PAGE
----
Natural Gas Futures and Electric Co rates

Discussion in 'Energy Futures' started by Maverickz, Nov 25, 2008.

  1. My electricity contract is coming up for renewal and the current rate for my area with my company is .12875/kwh. This is down considerably over the last year. I know this is usually based on Nat Gas futures but as I don't personally trade these, I was wondering if now is a good time to lock in a new electric rate for 12mo or should I go month to month and see if the rates keep dropping?

    What do you futures traders see coming in the next month or two?
     
  2. Depends where you're at in regards to power. What large city are you in/near? Btw, I can only answer from the wholesale perspective myself, but it might help you gain some insight.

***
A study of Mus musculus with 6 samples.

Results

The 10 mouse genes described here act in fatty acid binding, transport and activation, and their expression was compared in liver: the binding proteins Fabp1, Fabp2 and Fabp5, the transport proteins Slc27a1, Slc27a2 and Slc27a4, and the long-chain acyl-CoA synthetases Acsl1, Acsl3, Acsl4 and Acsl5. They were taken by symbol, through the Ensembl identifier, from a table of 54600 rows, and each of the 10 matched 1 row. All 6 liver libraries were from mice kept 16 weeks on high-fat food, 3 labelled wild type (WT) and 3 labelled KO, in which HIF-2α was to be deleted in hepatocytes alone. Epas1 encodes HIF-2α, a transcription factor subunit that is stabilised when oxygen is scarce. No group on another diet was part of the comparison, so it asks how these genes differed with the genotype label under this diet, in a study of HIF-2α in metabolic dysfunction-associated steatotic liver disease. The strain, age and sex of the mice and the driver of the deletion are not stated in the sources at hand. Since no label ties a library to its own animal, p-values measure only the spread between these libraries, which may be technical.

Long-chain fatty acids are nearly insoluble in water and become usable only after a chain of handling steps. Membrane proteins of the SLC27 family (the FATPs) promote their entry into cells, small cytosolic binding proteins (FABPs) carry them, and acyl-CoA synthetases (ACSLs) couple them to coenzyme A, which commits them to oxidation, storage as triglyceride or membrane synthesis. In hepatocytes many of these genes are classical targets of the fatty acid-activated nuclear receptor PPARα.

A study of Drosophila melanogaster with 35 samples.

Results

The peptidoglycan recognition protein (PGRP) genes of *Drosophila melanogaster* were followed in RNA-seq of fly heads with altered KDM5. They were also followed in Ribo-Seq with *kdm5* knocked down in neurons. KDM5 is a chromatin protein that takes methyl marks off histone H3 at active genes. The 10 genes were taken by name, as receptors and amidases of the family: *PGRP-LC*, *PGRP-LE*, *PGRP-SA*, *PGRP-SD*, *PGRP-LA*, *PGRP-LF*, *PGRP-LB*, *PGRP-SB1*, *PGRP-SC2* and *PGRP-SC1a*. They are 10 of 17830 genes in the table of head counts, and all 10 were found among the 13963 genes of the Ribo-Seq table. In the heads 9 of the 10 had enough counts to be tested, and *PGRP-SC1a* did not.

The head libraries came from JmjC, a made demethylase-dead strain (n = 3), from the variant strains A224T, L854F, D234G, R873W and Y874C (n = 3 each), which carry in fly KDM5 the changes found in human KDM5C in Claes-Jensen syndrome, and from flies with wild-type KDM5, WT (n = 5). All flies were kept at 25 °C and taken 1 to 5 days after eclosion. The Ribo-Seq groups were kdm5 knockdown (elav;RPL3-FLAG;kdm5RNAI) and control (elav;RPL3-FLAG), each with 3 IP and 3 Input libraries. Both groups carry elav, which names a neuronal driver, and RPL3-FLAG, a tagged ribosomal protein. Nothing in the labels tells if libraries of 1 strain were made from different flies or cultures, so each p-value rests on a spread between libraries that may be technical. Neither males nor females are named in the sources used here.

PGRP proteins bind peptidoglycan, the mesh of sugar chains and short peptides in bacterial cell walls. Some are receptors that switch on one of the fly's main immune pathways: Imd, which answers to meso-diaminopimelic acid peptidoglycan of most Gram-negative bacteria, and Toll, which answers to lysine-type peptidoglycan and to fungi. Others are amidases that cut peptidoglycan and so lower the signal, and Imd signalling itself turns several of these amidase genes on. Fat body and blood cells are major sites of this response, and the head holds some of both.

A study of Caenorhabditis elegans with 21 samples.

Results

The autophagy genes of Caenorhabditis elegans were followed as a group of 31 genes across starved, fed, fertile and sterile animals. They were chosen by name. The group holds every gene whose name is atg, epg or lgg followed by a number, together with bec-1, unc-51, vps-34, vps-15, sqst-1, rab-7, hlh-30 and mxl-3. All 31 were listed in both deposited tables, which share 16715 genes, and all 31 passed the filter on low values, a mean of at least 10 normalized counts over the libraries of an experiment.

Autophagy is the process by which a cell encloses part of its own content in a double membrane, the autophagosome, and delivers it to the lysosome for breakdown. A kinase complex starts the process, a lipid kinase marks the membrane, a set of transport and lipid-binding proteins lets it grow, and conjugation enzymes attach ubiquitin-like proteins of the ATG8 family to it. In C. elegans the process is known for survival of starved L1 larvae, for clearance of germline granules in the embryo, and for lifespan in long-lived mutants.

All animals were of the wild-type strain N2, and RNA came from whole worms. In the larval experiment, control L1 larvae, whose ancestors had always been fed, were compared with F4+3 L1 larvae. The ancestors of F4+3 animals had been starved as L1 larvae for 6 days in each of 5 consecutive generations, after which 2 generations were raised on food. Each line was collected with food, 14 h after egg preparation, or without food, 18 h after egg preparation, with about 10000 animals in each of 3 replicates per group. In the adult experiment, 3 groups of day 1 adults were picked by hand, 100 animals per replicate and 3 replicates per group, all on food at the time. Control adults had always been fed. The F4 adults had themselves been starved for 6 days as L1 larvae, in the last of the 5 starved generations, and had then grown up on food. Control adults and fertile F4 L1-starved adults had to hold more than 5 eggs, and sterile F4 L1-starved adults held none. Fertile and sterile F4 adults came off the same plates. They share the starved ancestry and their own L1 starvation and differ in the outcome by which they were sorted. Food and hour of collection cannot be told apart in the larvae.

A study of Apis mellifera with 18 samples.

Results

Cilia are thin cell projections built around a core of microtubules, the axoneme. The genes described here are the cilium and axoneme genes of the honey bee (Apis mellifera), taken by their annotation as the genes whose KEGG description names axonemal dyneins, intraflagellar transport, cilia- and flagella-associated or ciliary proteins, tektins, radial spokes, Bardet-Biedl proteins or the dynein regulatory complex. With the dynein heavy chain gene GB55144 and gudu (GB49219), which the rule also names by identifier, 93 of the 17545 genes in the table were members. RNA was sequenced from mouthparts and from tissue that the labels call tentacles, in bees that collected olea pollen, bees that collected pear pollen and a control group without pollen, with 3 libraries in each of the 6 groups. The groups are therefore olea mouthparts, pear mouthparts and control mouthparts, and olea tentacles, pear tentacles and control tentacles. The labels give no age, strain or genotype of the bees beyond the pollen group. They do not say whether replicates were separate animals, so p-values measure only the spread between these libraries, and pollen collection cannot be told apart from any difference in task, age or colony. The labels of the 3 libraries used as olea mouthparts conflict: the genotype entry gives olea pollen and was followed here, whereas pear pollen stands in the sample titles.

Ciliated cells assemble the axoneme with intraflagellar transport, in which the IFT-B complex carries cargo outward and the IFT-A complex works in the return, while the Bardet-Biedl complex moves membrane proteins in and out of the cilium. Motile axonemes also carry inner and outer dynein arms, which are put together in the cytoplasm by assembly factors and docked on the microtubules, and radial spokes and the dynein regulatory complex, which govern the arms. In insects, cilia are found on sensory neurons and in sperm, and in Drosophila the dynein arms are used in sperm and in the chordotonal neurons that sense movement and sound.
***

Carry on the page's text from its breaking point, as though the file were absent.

3. I live in Houston, Tx.
     
  4. Would go month to month. Where in Houston?
     
  5. CET

    CET

    It depends on the fuel mix that your supplier uses for generation. My electric utility is Entergy, and they just announced a 14% drop in rates in my area for the coming quarter because of the fall in NG prices. Obviously they have a significant portion of their generating assets fueled by NG. It is hard to imagine NG prices getting much lower in the next few months with winter coming, but it depends how cold the winter is and how slow things get in '09. There is plenty of NG in storage at the moment, so we shall see. It is a crap shoot on locking in a rate or riding the monthly/quarterly swings. Good luck.
     
  6. I locked in rates in west houston in may/june this year for 14.1 per kw. My rational was that if I wanted to spec on natural gas prices, I would trade NG. Now that gas has come off so much the rates have only dropped to 12-13 ish for fixed price.


    You're looking at powertochoose.org right?
     
  7. Yes I am looking at powertochoose.org and considering Spark Energy. They are the cheapest with a descent customer rating.

    Oh and I am specifically in the Village of Spring Oaks sub div in Spring...basically around Cypresswood and Treaschwig.